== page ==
Wednesday, November 1st, 2017...1:44 pm

Heidi Weinberg: Delaying the disease


Community News Editor

According to, a website about the disease, studies suggest an unhappy fact about Minnesota:  our state has the third-highest rate of Parkinson’s in the United States.

The Delay the Disease program offers exercises designed to improve agility and multitasking. (Photo: Courtesy of Heidi Weiberg)

The disease is a degenerative disorder, in which cell death in a region of the midbrain causes a drop in dopamine, a chemical released by nerve cells in the brain to send signals to other nerve cells. As the disease progresses, it causes shaking, rigidity, slowness of movement and problems with walking.

While there is currently no cure for Parkinson’s, there is evidence that exercise can be beneficial to sufferers. To that end, Ohio-based fitness instructor David Zid and registered nurse Jackie Russell developed a program called Delay the Disease, designing exercises around correcting disease-specific physical challenges.

There is currently only one certified Delay the Disease instructor in Minensota, Heidi Weinberg, a personal trainer/health coach and Cleveland native who has worked at the Ridgedale YMCA for five years, among other venues around the Twin Cities.

In an interview with American Jewish World, Weinberg described having a client with Parkinson’s, “a man in his low 70s.” She had not had experience with the disease before, and so Weinberg set out to research the disease. “I just started looking up everything I could about it,” she said, “and then putting the things I learned into our session.”

Quickly, she started to see improvements. “His symptoms started to turn around,” she said. “It was amazing to me. A few months later he was able to walk backwards without feeling he was going to fall.”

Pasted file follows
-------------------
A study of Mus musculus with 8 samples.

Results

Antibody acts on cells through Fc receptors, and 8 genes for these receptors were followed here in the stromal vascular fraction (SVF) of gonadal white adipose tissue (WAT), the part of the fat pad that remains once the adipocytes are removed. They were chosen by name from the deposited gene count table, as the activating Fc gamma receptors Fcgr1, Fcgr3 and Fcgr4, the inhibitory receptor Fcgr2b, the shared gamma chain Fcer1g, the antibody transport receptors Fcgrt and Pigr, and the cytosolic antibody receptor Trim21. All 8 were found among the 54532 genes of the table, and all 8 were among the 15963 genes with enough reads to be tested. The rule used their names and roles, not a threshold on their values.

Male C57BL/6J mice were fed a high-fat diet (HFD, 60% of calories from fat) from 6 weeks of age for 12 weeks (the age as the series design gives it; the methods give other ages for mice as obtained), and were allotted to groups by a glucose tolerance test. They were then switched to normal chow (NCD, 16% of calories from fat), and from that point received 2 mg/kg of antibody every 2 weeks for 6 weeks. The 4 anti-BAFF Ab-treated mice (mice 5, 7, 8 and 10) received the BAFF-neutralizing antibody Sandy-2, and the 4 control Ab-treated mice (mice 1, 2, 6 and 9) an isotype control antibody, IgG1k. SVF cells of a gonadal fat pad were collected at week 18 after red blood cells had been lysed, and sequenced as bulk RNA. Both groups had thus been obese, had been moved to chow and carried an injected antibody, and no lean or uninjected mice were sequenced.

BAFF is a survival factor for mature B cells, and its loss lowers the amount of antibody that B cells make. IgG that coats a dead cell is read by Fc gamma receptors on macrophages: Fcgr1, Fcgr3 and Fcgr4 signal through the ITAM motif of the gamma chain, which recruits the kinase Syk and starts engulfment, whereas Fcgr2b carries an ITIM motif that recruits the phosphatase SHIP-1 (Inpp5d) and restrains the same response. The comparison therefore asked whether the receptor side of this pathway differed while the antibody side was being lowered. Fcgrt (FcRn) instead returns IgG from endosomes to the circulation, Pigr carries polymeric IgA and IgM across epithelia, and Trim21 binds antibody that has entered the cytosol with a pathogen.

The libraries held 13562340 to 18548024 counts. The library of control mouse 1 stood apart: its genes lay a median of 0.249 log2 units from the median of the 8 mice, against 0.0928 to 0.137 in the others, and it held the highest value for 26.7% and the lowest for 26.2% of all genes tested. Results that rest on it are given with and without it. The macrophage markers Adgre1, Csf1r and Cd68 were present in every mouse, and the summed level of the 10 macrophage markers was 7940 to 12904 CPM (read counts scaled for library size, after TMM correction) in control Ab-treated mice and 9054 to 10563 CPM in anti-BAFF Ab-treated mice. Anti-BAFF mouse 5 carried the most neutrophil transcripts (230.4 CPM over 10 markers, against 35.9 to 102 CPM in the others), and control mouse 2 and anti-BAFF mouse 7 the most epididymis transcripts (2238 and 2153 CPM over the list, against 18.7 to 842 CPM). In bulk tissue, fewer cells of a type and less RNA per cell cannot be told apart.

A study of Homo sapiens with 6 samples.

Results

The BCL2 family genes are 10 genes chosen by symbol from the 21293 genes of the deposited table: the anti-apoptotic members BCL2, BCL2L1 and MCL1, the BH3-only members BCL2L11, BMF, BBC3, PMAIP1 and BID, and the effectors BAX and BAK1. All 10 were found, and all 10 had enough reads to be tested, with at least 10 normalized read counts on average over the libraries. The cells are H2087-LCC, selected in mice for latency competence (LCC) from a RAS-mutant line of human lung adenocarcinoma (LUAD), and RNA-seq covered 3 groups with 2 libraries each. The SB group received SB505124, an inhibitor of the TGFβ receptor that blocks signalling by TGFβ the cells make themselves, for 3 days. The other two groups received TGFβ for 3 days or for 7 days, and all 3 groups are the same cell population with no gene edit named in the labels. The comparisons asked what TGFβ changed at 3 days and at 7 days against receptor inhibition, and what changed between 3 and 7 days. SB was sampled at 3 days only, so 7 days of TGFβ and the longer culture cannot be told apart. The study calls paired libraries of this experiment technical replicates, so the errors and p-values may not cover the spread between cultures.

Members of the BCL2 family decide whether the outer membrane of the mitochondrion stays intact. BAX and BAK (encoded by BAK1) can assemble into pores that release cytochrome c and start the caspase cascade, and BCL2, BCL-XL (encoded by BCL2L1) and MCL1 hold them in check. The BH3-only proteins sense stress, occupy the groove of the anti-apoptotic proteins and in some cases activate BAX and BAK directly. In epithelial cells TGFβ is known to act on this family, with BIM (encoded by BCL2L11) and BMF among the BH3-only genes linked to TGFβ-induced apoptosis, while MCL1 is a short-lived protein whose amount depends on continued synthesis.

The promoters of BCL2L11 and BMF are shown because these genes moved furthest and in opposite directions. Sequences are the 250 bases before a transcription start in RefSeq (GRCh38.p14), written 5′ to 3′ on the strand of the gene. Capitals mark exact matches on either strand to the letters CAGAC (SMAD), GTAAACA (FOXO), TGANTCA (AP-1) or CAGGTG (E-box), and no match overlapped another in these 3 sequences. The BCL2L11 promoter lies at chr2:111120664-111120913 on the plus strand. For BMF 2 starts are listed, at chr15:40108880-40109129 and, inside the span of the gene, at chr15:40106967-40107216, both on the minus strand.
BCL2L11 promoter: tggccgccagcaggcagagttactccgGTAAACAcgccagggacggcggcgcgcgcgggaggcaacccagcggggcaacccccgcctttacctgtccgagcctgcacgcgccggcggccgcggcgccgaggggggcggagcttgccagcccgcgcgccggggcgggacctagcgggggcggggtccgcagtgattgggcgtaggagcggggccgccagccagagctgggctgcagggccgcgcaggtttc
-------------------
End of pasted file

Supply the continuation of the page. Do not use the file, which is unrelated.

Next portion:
Weinberg found out about the Delay the Disease program thanks to a friend from Cleveland. A friend of hers was on the news, part of a story detailing a class for people with Parkinson’s, and forwarded her a clip of the broadcast.

“I called the place where he had the class and asked: ‘Where do you get trained?’” Weinberg said. They told her about Delay the Disease.

“My daughter goes to Ohio State,” Weinberg says. “It worked out great! I flew out there and combined my classes with visits with my daughter.” Weinberg got certified as a Delay the Disease coach and began offering it in Minnesota.

One of her clients, Bob, who has been training with her for two years on a once-per-week basis, provided her with this testimonial: “On Friday, July 21, 2017, I went to see my doctor at the Mayo Clinic Department of Neurology for my annual Parkinson’s physical examination. She went through the normal physical tests and she said that she did not see any difference between the results from my 2016 exam and the results of the 2017 exam.

“She felt that working with personal trainer Heidi seems to have had a positive effect on the progression of the disease.”

Since becoming certified, Weinberg has returned to Ohio for additional education. “Last year I spent two days with David Zid and Jackie Russell. This was on my own time,” she explained. “I had the opportunity to ask them questions directly as well as observe five of their classes. Finally, I attended/observed a one-on-one personal training session with David Zid.”

Weinberg has also started her own personal training business called Live2Thrive. She can be reached at 612-360-7479.

1 Comment

  • This sounds like a wonderful program, Heidi.
    I’d like to know more about the training to work with clients here in Cleveland who have Parkinsons.